Despite a late surge in November, Lloyds Banking Group (LSE: LLOY) ended last year down by more than 40%. So why would I buy Lloyds shares in 2021? Put simply, I think the bad news is priced-in.
In my view, the Lloyds share price is likely to rise ahead of the market over the next few years. Let me explain why.
1. Dividend nightmare will soon be over
A significant part of last year’s share price plunge was caused by the suspension of Lloyds’ dividend in April last year. This wasn’t the bank’s choice — the UK banking regulator forced all the big banks to cancel their dividends in order to preserve capital. No payouts were allowed in 2020.
The fear was that banks would need their spare cash to fund losses on bad loans. I’ll come back to this subject in a moment, but for now what matters is that in December, the regulator said that banks could restart dividend payments in 2021.
The regulator’s view is that Lloyds and other banks are strong enough to handle the impact of the Covid-19 pandemic. I agree. Although there will be some restrictions on payouts at first, I expect Lloyds’ dividends to return to an attractive level quite soon.
Broker forecasts suggest a forecast yield of 4.3% for 2021, rising to 6.5% in 2022. I think payouts at these levels would be likely to provide a boost to Lloyds’ share price.
2. Losses are priced-in to Lloyds’ share price
The big banks failed miserably in the last major recession and Lloyds ended up needing a government bailout. But things are quite different today.
Lloyds went into this crisis with a much stronger balance sheet and plenty of surplus capital. Although the bank expects to record bad debt charges of £4.5bn-£5.5bn for 2020, these losses look manageable to me when compared to shareholders’ equity of £43bn.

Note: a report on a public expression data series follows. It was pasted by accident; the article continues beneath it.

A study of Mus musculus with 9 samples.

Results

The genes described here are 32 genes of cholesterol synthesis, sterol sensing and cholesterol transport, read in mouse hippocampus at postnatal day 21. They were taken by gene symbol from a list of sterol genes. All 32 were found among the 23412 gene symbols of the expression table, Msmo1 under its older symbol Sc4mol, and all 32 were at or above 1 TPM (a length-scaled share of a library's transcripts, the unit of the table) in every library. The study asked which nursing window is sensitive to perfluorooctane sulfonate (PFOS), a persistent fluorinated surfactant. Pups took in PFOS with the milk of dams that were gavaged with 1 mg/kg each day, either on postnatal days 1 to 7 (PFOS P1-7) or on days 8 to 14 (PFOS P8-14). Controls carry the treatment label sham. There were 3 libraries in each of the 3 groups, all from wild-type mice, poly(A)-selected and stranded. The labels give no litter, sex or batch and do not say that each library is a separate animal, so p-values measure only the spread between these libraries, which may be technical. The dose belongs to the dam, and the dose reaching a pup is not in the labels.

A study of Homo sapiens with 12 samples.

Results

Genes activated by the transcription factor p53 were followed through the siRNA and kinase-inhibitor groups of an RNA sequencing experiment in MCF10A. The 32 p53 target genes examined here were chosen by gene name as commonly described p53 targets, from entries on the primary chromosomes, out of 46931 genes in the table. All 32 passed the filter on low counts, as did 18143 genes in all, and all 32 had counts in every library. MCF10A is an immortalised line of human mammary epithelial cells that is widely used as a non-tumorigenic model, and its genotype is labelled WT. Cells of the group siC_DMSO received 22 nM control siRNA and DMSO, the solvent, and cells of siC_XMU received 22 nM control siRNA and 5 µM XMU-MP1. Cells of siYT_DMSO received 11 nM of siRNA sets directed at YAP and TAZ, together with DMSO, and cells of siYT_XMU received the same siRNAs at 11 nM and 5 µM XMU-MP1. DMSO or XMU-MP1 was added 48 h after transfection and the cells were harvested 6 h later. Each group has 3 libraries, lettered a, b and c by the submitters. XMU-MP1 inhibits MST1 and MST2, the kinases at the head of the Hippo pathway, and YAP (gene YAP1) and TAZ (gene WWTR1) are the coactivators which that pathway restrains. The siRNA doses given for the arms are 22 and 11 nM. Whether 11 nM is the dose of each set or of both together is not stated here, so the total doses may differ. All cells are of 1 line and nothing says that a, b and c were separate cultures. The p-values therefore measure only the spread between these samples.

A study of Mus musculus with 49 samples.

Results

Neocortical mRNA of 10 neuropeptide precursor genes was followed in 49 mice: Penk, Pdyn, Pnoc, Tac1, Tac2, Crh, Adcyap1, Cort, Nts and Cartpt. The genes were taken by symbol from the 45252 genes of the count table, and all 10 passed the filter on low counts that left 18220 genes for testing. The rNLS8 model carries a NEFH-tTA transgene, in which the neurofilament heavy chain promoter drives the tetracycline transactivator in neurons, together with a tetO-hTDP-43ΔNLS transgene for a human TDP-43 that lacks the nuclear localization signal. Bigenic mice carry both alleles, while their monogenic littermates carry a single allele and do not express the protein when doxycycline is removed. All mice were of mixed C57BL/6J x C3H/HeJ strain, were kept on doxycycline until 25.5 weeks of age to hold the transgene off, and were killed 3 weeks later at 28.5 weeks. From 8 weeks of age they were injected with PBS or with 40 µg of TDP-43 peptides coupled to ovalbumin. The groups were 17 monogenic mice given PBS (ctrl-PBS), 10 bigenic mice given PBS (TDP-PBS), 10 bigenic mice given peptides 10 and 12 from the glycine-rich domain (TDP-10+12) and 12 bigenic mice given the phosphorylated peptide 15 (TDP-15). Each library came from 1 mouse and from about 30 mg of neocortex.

As I write, a 37p share price means that Lloyds stock trades at a 30% discount to its tangible equity value of 52.2p per share. However, the bank returned to profit in the third quarter with a £1bn profit. If this performance continues in 2021, I’d expect this discount to close.
3. New boss
I think that CEO António Horta-Osório has done a good job at Lloyds. But after a tough 10 years, he’s moving on. Mr Horta-Osório’s replacement is Charlie Dunn, whose current role is global head of Wealth and Personal Banking at HSBC.
I expect that Mr Dunn will be keen to promote growth in more profitable areas, such as wealth management. He may also adjust the group’s UK strategy to support long-term growth. This could drive a significant revaluation of the business.
Why I’d buy Lloyds shares
Let me sum up. Over the next year or so, I think we’ll see Lloyds’ dividend return to something like its pre-crisis level. If I buy the shares at their current level, I’d expect a 4%+ yield this year.
Looking further ahead, I expect the bank’s new management to focus on improving profitability. Even a small improvement could drive Lloyds’ share price much higher, in my view.
More profitable specialist banks already trade at a premium to their book value — for Lloyds, this could see the shares double from current levels.
There are no guarantees, of course. But I’d buy Lloyds today without too much worry.